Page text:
Callicarpa americana L.

Beauty Berry

Callicarpa americana plant

Family - Verbenaceae

Habit - Shrub, incompletely monoecious.

Stems - Ascending or arching, to 1.5 m, stout, scurfy and densely hairy with short-stalked stellate or dendritic hairs, these sometimes wearing off with age.

Callicarpa americana stemStem with dendritic hairs.

Leaves - Opposite, petiolate, simple. Petioles 5-35 mm, longer than inflorescence stalks, usually densely stellate-hairy. Blades 5-23 cm, broadly ovate or elliptic, tapered at base, sharply pointed, coarsely and usually bluntly toothed, the surfaces stellate-pubescent, the undersurface inconspicuously glandular, the upper surface becoming glabrous with age.

Callicarpa americana leaf1Leaves, adaxial.

Calicarpa americana leavesPressed leaves.

Inflorescences - Small, dense, axillary, paniculate clusters of numerous flowers, the stalk 1-5 mm long.

Callicarpa americana inflorescence2Inflorescence.

Flowers - Calyces actinomorphic, cup-shaped, 1.5-1.8 mm long, very shallowly 4-lobed, the lobes broadly triangular. Corollas actinomorphic, 4.0-4.5 mm long, light pink to pale purple or blue, the 4 lobes shorter than the tube. Stamens 4, present (but not necessarily functional) in all flowers, exserted, all similar in size, the filaments attached at the base of the corolla tube, the anthers small, the connective very short, the pollen sacs 2, parallel, yellow. Ovary present only in functionally pistillate flowers, unlobed, the style appearing terminal. Style exserted, unbranched at the tip, the stigma more or less capitate to peltate-flattened.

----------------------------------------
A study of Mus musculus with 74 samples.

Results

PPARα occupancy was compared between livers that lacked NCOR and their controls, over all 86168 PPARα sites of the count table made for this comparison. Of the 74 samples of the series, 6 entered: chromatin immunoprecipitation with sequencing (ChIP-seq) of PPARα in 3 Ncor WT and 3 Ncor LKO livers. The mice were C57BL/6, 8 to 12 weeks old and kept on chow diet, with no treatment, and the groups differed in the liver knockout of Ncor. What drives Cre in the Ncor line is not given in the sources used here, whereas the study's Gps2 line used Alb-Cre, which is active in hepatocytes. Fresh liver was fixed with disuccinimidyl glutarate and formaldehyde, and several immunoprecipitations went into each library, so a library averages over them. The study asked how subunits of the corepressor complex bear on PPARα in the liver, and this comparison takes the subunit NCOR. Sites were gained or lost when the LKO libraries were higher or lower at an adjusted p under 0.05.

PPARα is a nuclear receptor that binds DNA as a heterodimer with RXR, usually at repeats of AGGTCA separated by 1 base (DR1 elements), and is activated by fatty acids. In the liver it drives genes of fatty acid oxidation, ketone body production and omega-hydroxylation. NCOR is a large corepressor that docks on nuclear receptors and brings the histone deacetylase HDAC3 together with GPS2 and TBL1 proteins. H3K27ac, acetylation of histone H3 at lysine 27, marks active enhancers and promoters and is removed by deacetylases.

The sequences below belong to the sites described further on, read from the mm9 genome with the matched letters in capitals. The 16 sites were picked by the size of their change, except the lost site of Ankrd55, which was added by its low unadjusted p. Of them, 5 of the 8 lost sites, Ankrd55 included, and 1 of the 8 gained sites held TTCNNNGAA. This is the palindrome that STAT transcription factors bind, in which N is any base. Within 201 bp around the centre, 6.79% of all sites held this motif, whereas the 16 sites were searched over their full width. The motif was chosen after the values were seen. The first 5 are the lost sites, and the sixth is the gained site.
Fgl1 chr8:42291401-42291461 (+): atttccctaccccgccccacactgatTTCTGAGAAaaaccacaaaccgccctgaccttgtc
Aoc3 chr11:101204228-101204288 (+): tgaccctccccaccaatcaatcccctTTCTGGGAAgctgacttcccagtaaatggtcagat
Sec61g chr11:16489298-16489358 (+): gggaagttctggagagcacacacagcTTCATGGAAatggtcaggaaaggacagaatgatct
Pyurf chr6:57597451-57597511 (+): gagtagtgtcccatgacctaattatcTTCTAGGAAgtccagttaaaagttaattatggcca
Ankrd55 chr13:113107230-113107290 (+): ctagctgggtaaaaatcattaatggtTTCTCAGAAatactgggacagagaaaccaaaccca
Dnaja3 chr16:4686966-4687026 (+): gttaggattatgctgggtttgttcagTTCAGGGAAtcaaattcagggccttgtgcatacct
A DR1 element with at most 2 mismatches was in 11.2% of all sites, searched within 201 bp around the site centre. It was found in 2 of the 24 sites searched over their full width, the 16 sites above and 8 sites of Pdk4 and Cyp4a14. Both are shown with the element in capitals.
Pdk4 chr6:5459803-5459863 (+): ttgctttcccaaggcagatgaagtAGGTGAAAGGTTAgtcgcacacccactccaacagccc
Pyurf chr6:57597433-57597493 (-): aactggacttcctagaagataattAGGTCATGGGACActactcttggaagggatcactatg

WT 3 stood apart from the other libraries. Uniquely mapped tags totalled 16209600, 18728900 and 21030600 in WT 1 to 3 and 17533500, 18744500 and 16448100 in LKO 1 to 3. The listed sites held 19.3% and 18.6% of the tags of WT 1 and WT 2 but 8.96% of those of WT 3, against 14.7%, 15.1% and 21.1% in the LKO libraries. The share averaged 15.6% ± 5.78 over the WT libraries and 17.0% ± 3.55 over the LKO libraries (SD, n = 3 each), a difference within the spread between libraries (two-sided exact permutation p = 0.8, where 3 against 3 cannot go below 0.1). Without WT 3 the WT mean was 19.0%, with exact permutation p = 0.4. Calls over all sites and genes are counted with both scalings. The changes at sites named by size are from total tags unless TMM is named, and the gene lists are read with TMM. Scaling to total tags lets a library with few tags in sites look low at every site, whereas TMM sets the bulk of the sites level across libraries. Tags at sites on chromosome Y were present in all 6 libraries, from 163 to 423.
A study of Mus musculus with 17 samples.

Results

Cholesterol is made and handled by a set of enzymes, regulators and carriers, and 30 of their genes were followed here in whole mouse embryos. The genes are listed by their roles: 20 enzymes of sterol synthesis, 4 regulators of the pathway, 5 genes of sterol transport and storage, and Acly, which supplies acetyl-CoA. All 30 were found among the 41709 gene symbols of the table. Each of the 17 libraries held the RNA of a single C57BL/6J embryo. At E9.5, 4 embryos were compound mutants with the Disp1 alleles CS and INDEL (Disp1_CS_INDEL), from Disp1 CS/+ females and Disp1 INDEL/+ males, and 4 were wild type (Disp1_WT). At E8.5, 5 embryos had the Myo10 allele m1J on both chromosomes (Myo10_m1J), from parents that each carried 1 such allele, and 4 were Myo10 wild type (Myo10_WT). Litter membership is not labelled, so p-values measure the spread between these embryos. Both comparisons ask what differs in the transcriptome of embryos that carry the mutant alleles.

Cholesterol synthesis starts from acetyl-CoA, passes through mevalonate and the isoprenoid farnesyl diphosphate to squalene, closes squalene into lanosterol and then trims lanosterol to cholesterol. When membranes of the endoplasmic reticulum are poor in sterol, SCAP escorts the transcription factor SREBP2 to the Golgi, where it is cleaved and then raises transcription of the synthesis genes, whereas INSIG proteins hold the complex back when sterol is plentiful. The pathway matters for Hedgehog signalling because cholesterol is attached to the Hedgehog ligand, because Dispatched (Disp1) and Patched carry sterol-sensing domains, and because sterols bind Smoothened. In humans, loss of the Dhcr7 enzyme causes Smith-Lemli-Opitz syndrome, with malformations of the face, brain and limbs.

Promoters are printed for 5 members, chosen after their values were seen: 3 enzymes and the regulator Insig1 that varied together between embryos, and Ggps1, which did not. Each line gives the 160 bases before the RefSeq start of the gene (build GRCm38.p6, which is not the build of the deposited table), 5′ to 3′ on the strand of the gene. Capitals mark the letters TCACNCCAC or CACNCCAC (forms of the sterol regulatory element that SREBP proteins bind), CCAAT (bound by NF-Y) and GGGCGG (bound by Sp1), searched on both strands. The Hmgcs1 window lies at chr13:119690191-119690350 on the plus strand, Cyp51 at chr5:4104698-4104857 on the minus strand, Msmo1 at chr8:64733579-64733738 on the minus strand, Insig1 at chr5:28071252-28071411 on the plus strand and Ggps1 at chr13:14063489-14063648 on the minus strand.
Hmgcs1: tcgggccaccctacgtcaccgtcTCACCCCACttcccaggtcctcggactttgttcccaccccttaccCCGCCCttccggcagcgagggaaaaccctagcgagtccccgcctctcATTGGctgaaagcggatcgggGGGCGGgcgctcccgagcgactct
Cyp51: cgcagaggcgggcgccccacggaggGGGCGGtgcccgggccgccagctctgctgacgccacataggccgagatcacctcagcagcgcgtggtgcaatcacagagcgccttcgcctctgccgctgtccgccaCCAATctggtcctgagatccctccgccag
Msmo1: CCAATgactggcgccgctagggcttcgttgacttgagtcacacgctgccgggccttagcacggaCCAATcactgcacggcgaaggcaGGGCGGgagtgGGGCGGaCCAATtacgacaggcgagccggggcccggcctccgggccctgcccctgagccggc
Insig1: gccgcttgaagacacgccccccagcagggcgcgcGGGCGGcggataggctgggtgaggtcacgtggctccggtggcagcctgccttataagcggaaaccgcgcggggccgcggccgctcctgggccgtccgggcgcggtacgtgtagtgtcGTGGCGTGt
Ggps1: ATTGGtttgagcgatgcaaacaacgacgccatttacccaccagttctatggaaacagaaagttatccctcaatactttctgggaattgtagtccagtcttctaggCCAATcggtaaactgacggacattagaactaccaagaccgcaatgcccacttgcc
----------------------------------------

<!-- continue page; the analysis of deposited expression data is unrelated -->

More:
Callicarpa americana calycesCalyces.

Callicarpa americana flowers2Flowers.

Callicarpa americana flowers

Fruits - Fleshy, globose drupes 3-6 mm in diameter, the outer surface purplish red to pinkish purple, sometimes bluish-tinged, shiny, the stone eventually separating into usually 4 nutlets

Callicarpa americana fruitsFruit clusters.

Flowering - June - August.

Habitat - Ledges, bluff tops, forest openings. Occasionally cultivated.

Origin - Native to U.S.

Lookalikes - None.

Other info. - Except in cultivation, this species is rare in Missouri. It is a species primarily of the southeastern U.S., and the far south of Missouri is on the very edge of its range. It is an example of a plant which is showier in fruit than in flower, and is cultivated for the attractive clusters of purple fruits. When in fruit it is impossible to mistake for anything else. It is also fairly distinctive in flower, with the dense dendritic hairs on young twigs also a characteristic feature.

Steyermark believed that the last wild populations of the plant in Missouri were threatened by the proposed Table Rock Dam, and passionately opposed this project. Populations known to him were indeed subsequently wiped out by the formation of Bull Shoals Lake in the early 1950s. However, small populations still exist on bluffs above the water line, and elsewhere in the extreme south of the state.

There are reports that mature fruits of beautyberry are edible, but not very palatable, being bitter and astringent. They are consumed by birds and other wildlife as a survival food, though usually not until other food sources have been depleted. Chemical constituents extracted from the plant include callicarpenal, a terpene aldehyde which has been shown to repel mosquitoes and fire ants. Parts of the plant were also used by Native American tribes for various medicinal purposes, including for treatment of malaria and rheumatism.

Photographs taken in Winter Haven, Fl., 6-18-02; also at the Runge Nature Center near Jefferson City, Cole County, MO, 9-18-2015, LaBarque Creek Conservation Area, Jefferson County, MO, 7-18-2016, and Shaw Nature Reserve, Franklin County, MO, 10-11-2016 (SRTurner).